The Dollars and Sense of Precision Health Testing in Alberta

Doctor giving a high-five to young patient and his mother in a hospital room

Rare diseases are a surprisingly common reality for Canadian families. Although each specific rare disease affects fewer than 1 in 2000 people, there are over 7000 known rare diseases. Added together, about 1 in 12 Canadians are affected by a rare disease (more than all cancers, cardiovascular disease or diagnosed diabetes), and two thirds of those diagnosed are children. However, achieving a diagnosis is too often a complex and frustrating journey, involving costly and often intense or invasive tests and procedures that provide no clear answers. Precision health, a groundbreaking approach that uses the power of genomics testing to understand each patient’s unique genetic code, could provide faster and more cost-effective diagnosis and treatment, in turn decreasing the burden on patients and families.

Because most rare diseases are of genetic origin and half occur with no family history, traditional diagnosis is challenging. There are four to five million variants in each person’s genetic code, some of which can cause genetic disorders. Identifying which variants are responsible for which disorders and whether a given variant is present in a patient’s DNA is critical for effective diagnosis. However, finding these variants through traditional genetic testing is extremely tedious, with a handful of suspected variants tested for one at a time. It can be as daunting as finding a needle in a haystack by pulling out individual pieces of straw.

In recent years, genomics and genome-based sequencing approaches have revolutionized rare disease diagnostics. By simultaneously sequencing the entire portion of a patient’s genome that codes for proteins (known as their exome), genomic-based testing is like searching the entire haystack at once.

While genomic sequencing is a powerful tool, accessing this testing requires that patients go through a qualified medical geneticist and meet specific criteria for testing. Evidence is accumulating, however, that earlier testing would be better for both patients and the healthcare system.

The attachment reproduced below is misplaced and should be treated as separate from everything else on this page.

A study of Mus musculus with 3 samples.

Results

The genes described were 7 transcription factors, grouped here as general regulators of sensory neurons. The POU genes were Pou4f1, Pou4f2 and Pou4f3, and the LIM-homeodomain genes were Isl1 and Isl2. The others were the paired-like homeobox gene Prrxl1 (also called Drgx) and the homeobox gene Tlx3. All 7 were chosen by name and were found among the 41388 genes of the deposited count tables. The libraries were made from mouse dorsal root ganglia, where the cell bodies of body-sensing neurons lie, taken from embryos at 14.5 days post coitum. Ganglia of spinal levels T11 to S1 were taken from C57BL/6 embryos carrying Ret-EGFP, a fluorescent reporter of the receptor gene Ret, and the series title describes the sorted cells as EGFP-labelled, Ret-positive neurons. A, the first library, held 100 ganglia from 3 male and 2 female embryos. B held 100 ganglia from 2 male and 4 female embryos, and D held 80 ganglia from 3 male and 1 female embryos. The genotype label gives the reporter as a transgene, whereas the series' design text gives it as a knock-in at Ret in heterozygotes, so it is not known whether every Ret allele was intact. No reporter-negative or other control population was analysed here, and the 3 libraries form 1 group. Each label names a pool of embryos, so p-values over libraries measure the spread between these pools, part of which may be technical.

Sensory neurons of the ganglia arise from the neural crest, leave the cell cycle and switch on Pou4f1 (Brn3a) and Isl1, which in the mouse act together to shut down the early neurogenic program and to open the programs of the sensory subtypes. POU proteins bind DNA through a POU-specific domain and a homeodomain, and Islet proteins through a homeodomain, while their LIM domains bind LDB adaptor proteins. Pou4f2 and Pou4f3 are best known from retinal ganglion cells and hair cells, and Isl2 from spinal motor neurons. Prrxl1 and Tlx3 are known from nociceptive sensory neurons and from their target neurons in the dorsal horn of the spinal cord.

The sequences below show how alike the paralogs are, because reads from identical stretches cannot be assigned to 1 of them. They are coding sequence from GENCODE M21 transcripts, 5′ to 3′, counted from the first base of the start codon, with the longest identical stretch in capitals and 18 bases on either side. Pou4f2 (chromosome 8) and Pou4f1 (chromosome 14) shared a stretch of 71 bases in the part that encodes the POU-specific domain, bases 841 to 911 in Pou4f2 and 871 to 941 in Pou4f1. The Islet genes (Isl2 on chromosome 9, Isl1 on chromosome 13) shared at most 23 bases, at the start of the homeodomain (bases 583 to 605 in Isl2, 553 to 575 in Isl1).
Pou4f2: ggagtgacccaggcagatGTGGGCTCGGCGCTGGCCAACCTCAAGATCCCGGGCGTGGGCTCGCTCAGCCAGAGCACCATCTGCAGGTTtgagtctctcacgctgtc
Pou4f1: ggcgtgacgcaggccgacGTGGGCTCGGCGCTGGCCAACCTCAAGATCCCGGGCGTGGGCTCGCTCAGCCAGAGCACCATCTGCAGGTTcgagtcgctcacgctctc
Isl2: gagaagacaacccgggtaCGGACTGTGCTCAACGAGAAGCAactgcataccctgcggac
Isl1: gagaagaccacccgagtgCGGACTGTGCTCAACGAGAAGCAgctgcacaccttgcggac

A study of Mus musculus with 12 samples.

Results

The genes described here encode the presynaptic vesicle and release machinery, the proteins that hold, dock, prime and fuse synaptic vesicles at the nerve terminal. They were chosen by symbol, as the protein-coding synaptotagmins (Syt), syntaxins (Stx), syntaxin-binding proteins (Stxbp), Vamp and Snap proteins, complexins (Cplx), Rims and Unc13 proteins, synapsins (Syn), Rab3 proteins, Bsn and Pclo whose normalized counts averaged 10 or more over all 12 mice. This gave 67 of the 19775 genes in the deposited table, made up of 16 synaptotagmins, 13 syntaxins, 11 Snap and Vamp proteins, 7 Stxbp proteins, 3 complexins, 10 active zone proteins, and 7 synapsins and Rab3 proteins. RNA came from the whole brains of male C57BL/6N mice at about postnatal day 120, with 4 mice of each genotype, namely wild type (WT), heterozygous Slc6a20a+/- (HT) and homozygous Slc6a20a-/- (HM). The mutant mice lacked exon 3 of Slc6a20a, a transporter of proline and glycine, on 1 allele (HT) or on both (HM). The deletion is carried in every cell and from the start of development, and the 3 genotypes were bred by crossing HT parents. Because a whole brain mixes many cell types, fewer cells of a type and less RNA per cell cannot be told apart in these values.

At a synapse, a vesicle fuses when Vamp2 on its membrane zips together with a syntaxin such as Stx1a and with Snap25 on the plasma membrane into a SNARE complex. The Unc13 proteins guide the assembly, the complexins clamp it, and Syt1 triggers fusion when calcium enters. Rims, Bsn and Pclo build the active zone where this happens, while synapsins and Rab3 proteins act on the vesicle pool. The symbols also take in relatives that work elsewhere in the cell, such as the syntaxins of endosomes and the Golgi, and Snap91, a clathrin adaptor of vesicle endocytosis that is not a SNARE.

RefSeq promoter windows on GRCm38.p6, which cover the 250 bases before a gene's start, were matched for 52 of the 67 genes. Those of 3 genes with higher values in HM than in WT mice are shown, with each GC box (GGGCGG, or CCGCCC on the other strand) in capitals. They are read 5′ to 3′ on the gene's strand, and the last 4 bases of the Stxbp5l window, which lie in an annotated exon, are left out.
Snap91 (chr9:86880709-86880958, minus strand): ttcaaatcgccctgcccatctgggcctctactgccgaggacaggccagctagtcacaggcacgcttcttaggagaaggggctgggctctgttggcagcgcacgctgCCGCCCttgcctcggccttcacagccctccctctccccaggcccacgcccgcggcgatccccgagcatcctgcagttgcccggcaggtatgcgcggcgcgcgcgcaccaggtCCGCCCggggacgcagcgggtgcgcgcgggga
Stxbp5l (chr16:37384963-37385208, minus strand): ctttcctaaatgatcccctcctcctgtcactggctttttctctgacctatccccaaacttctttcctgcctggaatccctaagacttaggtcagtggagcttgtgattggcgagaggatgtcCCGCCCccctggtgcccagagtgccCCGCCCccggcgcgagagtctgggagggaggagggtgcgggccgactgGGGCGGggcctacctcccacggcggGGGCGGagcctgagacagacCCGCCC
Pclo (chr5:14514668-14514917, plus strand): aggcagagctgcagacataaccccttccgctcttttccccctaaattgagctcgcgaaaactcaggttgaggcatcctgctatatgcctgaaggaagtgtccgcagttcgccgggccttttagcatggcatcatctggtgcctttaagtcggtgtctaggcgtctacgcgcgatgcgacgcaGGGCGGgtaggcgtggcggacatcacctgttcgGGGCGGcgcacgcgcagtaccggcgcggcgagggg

Genome Alberta is funding Care4Rare SOLVE, an initiative examining the economics of using genome-wide sequencing for patients with suspected rare diseases. Preliminary findings from the Care4Rare research team indicate that using genomic sequencing as the first test could reduce the time to diagnosis and the time the patient spends in the diagnostic pathway, in addition to reducing the number of diagnostic tests needed and overall testing costs.

Thanks to the development of next generation sequencing, which simultaneously sequences millions of DNA fragments in parallel, the cost of sequencing itself has become much more affordable. Today, whole genomes can be sequenced within hours, at a cost generally below $1,000 in a commercial setting. Furthermore, the use of genomic sequencing can lower the overall cost of testing by reducing the number of tests required to achieve a diagnosis. Without genomics, patients with a rare disease take an average of five to seven years to receive a diagnosis. With precision health approaches using genomic sequencing tools, the number of visits, tests and procedures can be reduced for patients and their health care providers, providing faster diagnosis and better outcomes at a lower cost. In one example, a five-year-old patient here in Alberta presenting with kidney abnormalities received a diagnosis within just 10 days.

“The impact of this work extends well beyond the value and impact of genome sequencing, to include the often-forgotten economic impact on families of patients,”

says Dr. Francois Bernier, MD, Professor Cumming School of Medicine, Departments of Pediatrics and Medical Genetics, Alberta Children’s Hospital Research Institute, University of Calgary.

According to the Canadian Organization for Rare Disorders (CORD), rare diseases cost the Canadian economy $111 billion annually in medical costs, nonmedical costs and productivity costs combined. A precision health approach could reduce these costs, but integrating new technologies into diagnostic standards takes time and investment. While genomic sequencing has proven to be cost-effective in other settings, more economic data are needed to understand whether the same benefits can be realized within our own healthcare system. Initiatives like Care4Rare SOLVE are helping provide needed evidence on the potential economic benefits of these technologies.

“People with rare disease often experience a lengthy diagnostic odyssey which can be frustrating and expensive from both a patient and system perspective,”

says Dr. Deborah Marshall, Scientific Director, Research and Partnership Evaluation and Impact, Alberta Children’s Hospital Research Institute.

“Our SOLVE research found that on average, people with a rare disease undergo more than 20 diagnostic tests before whole exome sequencing, and the average time between their first diagnostic test to receiving whole exome sequencing test results is approximately 3 years. By performing whole exome sequencing earlier in the diagnostic pathway, more people achieve a diagnosis faster and overall test costs are lower.”

Here in Alberta, approximately 25% of rare disease patients still experience an over five-year diagnosis delay. With wider adoption of genomic tools in the healthcare system, Albertans affected by a rare disease could experience a more streamlined path to diagnosis and treatment. As precision health technologies continue to advance, the future of effective, personalized healthcare grows brighter.


Learn more about the Care4Rare-SOLVE project here.